From the basement to the penthouse – that’s what Adelaide United have achieved in a remarkable campaign, as the Reds deservedly won the A-League grand final.
Guillermo Amor won no less than five La Liga titles as a player with Barcelona – plus a European Cup to boot – and the city of Adelaide might as well re-name Rundle Mall for the Spaniard after he led Adelaide United to their first ever A-League championship.
Did Amor out-coach Western Sydney counterpart Tony Popovic? That’s debatable – but there’s no denying the fact Popovic has now been on the losing side of three A-League grand finals, following yesterday’s 3-1 defeat.
The third came on the back of a mesmerising performance from Adelaide, with the Reds shaking off any grand final nerves with a first-half performance of the highest calibre.
The opening goal was testament to Adelaide’s undoubted class, as Marcelo Carrusca deftly controlled a high ball and exchanged passes with Stefan Mauk, before skipping away from Andreu to deliver a cross to the edge of the six-yard box.
It looked an innocuous ball in until Bruce Kamau ghosted into the space left by a static Wanderers’ defence, with the youngster side-footing Adelaide in front and sending the home fans into raptures.
If Adelaide’s opening goal was a reminder of their counter-attacking power, then the second from Isaias was as good a free-kick as you’ll see anywhere in the world.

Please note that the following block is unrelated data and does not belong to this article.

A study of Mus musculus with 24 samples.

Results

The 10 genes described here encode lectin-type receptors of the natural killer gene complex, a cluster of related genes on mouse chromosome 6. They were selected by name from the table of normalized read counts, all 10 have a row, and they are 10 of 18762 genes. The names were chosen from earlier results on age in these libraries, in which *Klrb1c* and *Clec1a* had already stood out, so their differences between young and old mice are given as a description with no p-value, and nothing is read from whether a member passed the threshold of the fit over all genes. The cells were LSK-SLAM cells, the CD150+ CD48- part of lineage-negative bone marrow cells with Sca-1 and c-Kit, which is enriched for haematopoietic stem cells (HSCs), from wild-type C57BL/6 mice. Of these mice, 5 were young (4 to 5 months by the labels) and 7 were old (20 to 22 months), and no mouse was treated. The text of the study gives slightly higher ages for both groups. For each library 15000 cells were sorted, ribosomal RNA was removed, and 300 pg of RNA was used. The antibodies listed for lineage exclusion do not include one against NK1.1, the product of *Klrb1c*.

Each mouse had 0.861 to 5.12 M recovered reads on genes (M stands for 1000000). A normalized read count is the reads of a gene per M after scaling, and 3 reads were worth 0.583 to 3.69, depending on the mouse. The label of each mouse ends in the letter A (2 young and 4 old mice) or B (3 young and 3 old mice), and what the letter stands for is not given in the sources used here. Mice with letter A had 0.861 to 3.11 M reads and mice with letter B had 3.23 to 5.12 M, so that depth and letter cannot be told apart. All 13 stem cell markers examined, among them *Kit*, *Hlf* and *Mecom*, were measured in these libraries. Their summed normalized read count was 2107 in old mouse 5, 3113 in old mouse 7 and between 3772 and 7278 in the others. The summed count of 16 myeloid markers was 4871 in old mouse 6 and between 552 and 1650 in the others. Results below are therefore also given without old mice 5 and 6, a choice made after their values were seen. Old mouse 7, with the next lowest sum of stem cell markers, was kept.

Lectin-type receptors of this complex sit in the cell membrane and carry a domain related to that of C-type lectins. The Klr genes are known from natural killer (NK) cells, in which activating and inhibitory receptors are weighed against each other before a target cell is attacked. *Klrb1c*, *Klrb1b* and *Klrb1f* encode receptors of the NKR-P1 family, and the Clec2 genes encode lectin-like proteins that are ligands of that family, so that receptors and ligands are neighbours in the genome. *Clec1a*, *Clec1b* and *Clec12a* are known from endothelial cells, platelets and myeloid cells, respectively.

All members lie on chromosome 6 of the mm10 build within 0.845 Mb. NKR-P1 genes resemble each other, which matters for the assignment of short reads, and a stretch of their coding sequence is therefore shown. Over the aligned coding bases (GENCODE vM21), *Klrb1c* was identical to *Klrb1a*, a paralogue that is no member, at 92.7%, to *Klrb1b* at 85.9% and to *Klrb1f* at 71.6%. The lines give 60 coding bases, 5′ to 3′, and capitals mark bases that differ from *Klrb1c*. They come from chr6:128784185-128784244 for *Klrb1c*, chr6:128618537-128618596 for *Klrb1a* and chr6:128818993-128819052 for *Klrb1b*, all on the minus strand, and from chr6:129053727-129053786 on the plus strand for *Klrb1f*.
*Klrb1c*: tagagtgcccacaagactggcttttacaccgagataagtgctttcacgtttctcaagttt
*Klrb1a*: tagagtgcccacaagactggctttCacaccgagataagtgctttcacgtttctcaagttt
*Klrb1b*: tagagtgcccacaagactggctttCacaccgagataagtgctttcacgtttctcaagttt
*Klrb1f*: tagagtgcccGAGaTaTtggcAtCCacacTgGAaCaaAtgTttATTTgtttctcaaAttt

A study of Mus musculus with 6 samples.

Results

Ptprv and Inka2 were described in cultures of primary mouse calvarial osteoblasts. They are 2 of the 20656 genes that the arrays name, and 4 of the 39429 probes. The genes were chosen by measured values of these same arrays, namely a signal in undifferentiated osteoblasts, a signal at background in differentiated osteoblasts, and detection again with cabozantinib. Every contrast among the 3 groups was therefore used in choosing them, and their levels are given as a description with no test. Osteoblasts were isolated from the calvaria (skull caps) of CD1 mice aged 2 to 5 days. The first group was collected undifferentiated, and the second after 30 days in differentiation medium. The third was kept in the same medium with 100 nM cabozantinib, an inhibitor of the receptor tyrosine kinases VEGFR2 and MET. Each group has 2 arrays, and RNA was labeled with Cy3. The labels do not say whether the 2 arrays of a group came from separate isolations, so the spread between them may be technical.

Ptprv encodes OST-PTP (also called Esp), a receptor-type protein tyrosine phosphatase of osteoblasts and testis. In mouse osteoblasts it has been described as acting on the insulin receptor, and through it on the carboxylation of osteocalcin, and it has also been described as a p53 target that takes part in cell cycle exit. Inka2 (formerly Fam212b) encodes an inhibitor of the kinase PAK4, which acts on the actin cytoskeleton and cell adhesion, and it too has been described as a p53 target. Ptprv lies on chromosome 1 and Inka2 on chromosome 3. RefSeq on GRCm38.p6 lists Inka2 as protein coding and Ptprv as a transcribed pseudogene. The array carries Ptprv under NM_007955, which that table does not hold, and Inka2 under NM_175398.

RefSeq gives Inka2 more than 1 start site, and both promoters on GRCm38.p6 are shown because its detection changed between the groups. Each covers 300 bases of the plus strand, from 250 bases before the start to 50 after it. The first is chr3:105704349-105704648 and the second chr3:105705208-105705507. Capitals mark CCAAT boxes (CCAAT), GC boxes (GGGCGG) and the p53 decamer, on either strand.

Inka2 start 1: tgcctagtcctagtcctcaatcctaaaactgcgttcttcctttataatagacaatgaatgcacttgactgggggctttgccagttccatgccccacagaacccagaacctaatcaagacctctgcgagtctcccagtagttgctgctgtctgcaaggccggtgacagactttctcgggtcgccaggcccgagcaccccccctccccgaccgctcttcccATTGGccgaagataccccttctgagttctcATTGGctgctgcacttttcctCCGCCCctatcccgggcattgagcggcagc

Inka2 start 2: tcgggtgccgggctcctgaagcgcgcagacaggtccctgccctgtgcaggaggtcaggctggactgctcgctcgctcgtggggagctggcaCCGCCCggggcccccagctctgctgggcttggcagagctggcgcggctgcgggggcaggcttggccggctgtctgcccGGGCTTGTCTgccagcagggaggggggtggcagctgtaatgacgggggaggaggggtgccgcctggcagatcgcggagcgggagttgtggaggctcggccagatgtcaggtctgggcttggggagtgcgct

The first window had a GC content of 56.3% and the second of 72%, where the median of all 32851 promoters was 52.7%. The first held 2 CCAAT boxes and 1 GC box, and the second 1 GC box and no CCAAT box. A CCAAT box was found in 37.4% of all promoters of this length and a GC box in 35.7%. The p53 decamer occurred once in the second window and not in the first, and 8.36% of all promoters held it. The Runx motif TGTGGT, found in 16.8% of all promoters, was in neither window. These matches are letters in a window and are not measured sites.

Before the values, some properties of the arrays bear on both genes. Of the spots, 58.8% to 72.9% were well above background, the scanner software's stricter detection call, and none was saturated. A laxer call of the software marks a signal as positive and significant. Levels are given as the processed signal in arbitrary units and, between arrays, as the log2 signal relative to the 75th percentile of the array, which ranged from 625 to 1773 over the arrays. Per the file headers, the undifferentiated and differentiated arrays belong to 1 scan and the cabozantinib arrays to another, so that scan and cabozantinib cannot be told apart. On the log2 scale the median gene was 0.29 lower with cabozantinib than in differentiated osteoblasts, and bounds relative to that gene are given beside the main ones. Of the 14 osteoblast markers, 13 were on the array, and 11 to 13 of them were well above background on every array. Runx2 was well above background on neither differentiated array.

It says much about the global appeal of the world game that a player who once counted four games for Espanyol as his greatest achievement could one day add the Joe Marston Medal to his collection.
His stupendous 34th-minute free-kick would have beaten the very best goalkeeper in the world, so there was little Andrew Redmayne could do when the Spaniard lifted the dead ball over the wall and into the top corner.
Full credit to Western Sydney for refusing to throw in the towel, as the Wanderers came out with renewed determination in a pulsating second half.
Defender Scott Neville might have been the unlikeliest of goal scorers, but his well taken half-volley brought the visitors right back into the contest.
And after the heroics of their 5-4 semi-final win over Brisbane Roar last week, it was tempting to imagine the Wanderers could do it all over again.
That they failed to do so is testament to the outstanding team unity of the Reds.
Not only did Pablo Sanchez come off the bench to add more grit to Adelaide’s guile over the closing stages, but the Spanish star went on to seal victory with a late third.
It was no less than Adelaide deserved, with rookie coach Amor managing to guide his team to the premiership and championship double in his first season as coach.
And he did so despite the fact that the Reds sat rock bottom and winless after eight rounds of the regular season.
Adelaide’s comeback surely marks one of the most astonishing turnarounds in the history of Australian sport, and makes a mockery of those fans who called for Amor’s sacking earlier in the season.
It likewise vindicates Adelaide’s decision to trust Amor with the top job in a season in which, like a fine Barossa wine, the Reds simply got better the longer the competition rolled on.
Amor would no doubt love to emulate legendary coach Zoran Matic, who guided Adelaide City to three championships during the National Soccer League era.
There were far fewer fans on the terraces back in those days, and the 50,000 supporters who packed into Adelaide Oval yesterday deserve plenty of plaudits.
About the only blemish were the flares lit by visiting supporters, with the Wanderers likely to face heavy sanctions next season.
But to dwell on that is to take away from one of the most impressive turnarounds in Australian sport.
Adelaide United are the new A-League champions and deservedly so, following the most gripping finals series we’ve experienced to date.